As I mentioned in last week’s post about the PhoneSoap – Charge and Sanitize Your cell phone (UPDATE: The Kickstarter project is fully funded and PhoneSoaps are going to production.) post, I’m going to try and reserve Friday for what I’m calling Healthcare Gadget Friday. Today we’re going to look at the GammaTech Durabook U12C.
Here’s the official description of the GammaTech Durabook U12C:
GammaTech’s Durabook U12C is the perfect companion for mobile power users on the go. The U12C features a 12.1″ WXGA Touch Screen with Digitizer and LED backlight display that quickly converts into a Tablet PC. This lightweight convertible style Tablet PC features I/O covered ports to protect from the hazards of dirt and dust. Powered by the Intel Core i5 processor, the U12C has maximized speed and data management. In addition, the U12C comes with a hard handle making portability a snap. It offers a number of sophisticated I/O modules that can encompass everything from a RS232 port or GPS to an optional second 2M-pixel auto focus camera. An optional vehicle docking station is also available.
I received a demo Durabook U12C to be able to do this review. I was quite pleased with the Durabook U12C in general, so I’ll be a little sad when I have to ship it back to Durabook. It’s a really solid offering if you’re looking for a nice Durabook.
My good experience with the GammaTech started when I opened the package and saw the really well designed packaging for the Durabook. While a box doesn’t really matter when it comes to the quality of the computer, it does say something about the company and their concern about even the smallest of details.
I won’t go into all the gory details of the specs on the machine. The Durabook U12C was running the Windows 7 operating system and so you can compare its detailed specs with any other similarly specked laptop on the market today. With that said, I used it for a few weeks and never had an issue with any of the specs in the ways I used it.
When you look at it, it seems like the 12″ screen feels a little small. However, in actual use the 12.1″ screen was never a problem for me. I know GammaTech has another model that only has a 10″ screen. I think the 10″ screen might be too small for me, but I really had no issues with the 12.1″ screen. Plus, when you add on the extra Durabook casing to protect the machine you really don’t want a screen bigger than 12.1″. If you went even to a 14″ screen the Durabook gets way too unwieldy.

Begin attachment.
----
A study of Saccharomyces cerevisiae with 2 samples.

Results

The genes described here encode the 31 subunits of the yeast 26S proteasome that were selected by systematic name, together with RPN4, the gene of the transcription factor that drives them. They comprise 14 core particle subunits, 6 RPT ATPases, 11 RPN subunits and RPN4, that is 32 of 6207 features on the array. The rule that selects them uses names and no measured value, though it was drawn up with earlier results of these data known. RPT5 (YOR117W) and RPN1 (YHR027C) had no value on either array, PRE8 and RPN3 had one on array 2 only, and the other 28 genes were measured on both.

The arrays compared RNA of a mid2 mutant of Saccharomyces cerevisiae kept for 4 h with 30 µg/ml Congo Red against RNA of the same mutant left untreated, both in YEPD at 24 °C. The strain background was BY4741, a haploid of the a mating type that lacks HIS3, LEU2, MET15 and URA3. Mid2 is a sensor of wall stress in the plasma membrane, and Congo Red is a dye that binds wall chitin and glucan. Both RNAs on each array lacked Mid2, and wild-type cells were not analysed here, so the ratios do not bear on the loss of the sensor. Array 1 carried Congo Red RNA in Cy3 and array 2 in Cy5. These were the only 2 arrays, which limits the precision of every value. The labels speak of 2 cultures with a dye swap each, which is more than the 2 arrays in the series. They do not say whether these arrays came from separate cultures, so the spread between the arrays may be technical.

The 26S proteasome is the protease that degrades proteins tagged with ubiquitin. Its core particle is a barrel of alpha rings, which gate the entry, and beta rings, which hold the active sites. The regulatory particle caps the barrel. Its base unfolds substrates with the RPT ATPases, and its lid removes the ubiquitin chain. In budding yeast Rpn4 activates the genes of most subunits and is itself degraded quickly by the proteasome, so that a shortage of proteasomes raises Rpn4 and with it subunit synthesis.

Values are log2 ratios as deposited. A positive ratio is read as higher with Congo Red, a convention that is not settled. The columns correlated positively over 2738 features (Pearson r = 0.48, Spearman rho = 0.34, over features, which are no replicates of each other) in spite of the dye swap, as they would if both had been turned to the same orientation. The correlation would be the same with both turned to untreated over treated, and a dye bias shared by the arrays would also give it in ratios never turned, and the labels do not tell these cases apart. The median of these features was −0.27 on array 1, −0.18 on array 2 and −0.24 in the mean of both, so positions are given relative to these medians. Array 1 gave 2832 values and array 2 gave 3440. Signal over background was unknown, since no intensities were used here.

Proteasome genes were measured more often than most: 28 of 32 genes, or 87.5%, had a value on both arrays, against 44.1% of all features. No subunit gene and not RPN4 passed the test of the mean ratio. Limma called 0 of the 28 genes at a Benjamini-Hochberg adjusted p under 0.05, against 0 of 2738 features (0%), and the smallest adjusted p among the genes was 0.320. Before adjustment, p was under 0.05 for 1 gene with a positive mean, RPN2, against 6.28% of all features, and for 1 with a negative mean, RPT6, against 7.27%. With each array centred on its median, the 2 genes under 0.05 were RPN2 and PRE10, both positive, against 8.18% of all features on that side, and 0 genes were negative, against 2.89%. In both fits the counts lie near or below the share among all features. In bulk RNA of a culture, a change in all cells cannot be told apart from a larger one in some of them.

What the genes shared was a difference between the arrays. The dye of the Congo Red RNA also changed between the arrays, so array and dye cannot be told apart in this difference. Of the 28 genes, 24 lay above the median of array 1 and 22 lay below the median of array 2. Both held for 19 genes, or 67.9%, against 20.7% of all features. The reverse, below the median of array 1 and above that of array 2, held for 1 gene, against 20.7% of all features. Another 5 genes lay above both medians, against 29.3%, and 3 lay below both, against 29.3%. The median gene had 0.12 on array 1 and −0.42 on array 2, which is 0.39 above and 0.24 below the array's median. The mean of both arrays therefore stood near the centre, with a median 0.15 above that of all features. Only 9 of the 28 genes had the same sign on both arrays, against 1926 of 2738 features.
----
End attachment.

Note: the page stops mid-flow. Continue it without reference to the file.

I didn’t do any real specific tests as far as drop resistance, shock resistance, spill resistance, dust resistance, and battery protection since I didn’t want to break the machine if something didn’t work quite right. You can see the tough features specs on the GammaTech website. Needless to say, the machine feels very solid in every component. In fact in some cases almost to a fault.
An example of this is the latch to open the machine. The latch is pretty hard to open. Partially because it secures the lid so well and partially because the easy carry handle makes it awkward to maneuver the latch. I actually handed it to my wife and asked her to open it. A few minutes later (and a few laughs) she finally figured out how to open it. Of course, once you figure it out it’s not that bad, but it does require a kind of awkward angle to unlatch it. I’m sure the solid latch was an intentional part of the design. I know I’ve seen A LOT of broken latches on laptops in my time working in healthcare IT and with EHR software. This latch will never have that problem.
I was also a little disappointed with how responsive the track pad was to my touch. It’s a really hard touch pad that left a lot to be desired. I imagine this probably has to do with durability as well, but it was pretty disappointing to use. Good thing that it’s a tablet as well so you could always use the pen instead.
The Durabook U12C had the best fingerprint scanner placement of any laptop or Durabook that I’ve seen. Maybe there are others that have similar positioning, but I loved the fingerprint scanners nice placement in the middle on the right side of the screen for easy thumb scanning. It just felt right since I often hold my screen in just the right position to be able to scan when I open it up. Very well done.
I spent a fair amount of time playing with the tablet features of the Durabook U12C. Obviously many of the features are dependent on Windows 7 more than the Durabook U12C itself. On that subject, if you haven’t tried the Windows 7 tablet stuff yet, it’s quite good and so much better than its predecessor. We’ll see what Windows 8 brings. The Durabook U12C performed well and the pen storage was really convenient.
My biggest pain point with the Durabook U12C was the placement of some of the quick buttons on the screen. They weren’t an issue in laptop mode, but when I converted to a tablet and was using the stylus I kept accidentally hitting the buttons. It got really annoying when I was trying to write something on the tablet and then the screen just rotates because the palm of my hand brushed the rotate button. I tried to even rotate the screen into the notebook position, but I still hit some other buttons that were on the screen. This certainly would have deterred me from using the tablet very much.
Overall I was quite pleased with the Durabook U12C. The biggest downsides from my experience were the lackluster track pad and the poorly placed on screen buttons. However, the rest of the features were really well executed and provided a really solid Durabook. I can see a number of cases where a durabook could make sense in the healthcare IT world. This would definitely be one worth trying. It’s built to last and your IT administrator will love you since it has Windows 7 which won’t have any issues with your IT security requirements.